Over a hundred rare objects, focusing on face masks and female power of Central Africa, were on display at a recent exhibition in Singapore.Rupa Gopal
The Congo has been the life-force of Central Africa, sweeping across jungles and swamps, forests and lush grasslands, nurturing various unique civilizations, tribes and ethnic traditions. This uniqueness from the Dark Continent was brought to Singapore, showcased in an exhibition of over a hundred rare objects, focusing on face masks, ancestor worship and female power. Art and sculpture dominated, bringing strangely beautiful artifacts from bygone times. The crowning glory was the special showing of four Picassos, based on the African theme.
The after-life seemed to have gripped much of Africa, not just the Nile Valley. Remains of respected elders were secured for all time in reliquary figures, in baskets or wooden containers. Portable shrines in the form of carved personalities represented ancestors, sure to guard and protect the people. These were preserved by repeated applications of palm oil, perhaps also done to activate the idol's dormant powers as a medium. The tribes of Fang and Kota in Gabon, the Kuba and Luba, Punu and Kwele all brought a well-displayed glimpse of the vastness of Africa's artistic traditions.
Heart-shaped masks were common among the peoples living along the Congo — these were usually covered with a local white pigment called “mpemba”. Such masks were worn at complex native ritual ceremonies, and dances, along with dresses made of leaves, plant fibres, or rough woven cloth. The “kwele” tribe used masks with encircling horns, a reflection of “ekuk”, their protective forest spirit.
The “okuyi” mask idealised female beauty among the Punu of Gabon. The women were venerated and immortalised in masks and figures — often these figures show postures such as holding up a stool-like seat — these were meant for ancestors to be seated. Women were rulers, queens, high priestesses, mothers, or just important relatives — all designating authority, highlighted by their seat.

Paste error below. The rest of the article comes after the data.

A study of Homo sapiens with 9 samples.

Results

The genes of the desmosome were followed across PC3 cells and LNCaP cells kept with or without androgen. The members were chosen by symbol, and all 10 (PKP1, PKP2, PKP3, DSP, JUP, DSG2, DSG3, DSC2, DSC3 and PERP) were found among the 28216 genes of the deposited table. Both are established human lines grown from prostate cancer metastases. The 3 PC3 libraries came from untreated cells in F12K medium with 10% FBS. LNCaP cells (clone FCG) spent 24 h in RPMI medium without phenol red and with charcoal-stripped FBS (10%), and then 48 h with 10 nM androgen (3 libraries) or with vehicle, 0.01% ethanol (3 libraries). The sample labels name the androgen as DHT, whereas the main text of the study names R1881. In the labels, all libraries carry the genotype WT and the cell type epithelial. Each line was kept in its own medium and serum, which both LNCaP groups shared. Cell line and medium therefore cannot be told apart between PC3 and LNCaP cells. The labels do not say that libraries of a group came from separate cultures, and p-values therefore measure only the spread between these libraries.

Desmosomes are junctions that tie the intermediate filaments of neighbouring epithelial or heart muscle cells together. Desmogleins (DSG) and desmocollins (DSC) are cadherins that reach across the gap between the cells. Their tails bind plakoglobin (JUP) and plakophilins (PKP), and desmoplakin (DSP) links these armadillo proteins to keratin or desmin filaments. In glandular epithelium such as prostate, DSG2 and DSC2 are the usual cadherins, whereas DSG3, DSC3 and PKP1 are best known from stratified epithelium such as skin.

The Portugese came to Africa in the 16th Century, and African mystique began to be carried to the European mainland. The Congo region was colonised in the 19th Century, and the first exhibition of African artistic objects was held in Paris, in 1887, highlighting Gabon's Kota heritage. Some years later saw Henri Matisse, Derain, Modigliani and Pablo Picasso get inspired by African art, in their obsession with surrealism.
It is thought that Picasso was enchanted with the Kongo figure shown him by his friend Matisse, in 1906. Next year saw Picasso observe and absorb African art at the Palais du Trocadero, Paris. This set him on the track of African masks and sculptures, collecting all that he could. Firmly denying any African influence in his art — “African art? Never heard of it” said he: Picasso gave Africa its due credit in his later years, admitting to its influence on his work.
The painting Dimanche (Sunday) was so abstract, it called upon the viewer's entire concentration to come to a conclusion. One of four Picasso exclusive originals from his early African period (1907-1919) at this show, Africa remained a continued fascination for him, right up to his end.
The exhibition displayed objects from the Musee du quai Branly Paris, the Belgian Royal Museum for Central Africa in Tervuren, the Leiden Museum, and the Musee national Picasso in Paris. It was the first of its kind to be held in South East Asia, a joint effort by the ACM and Musee du quai Branly.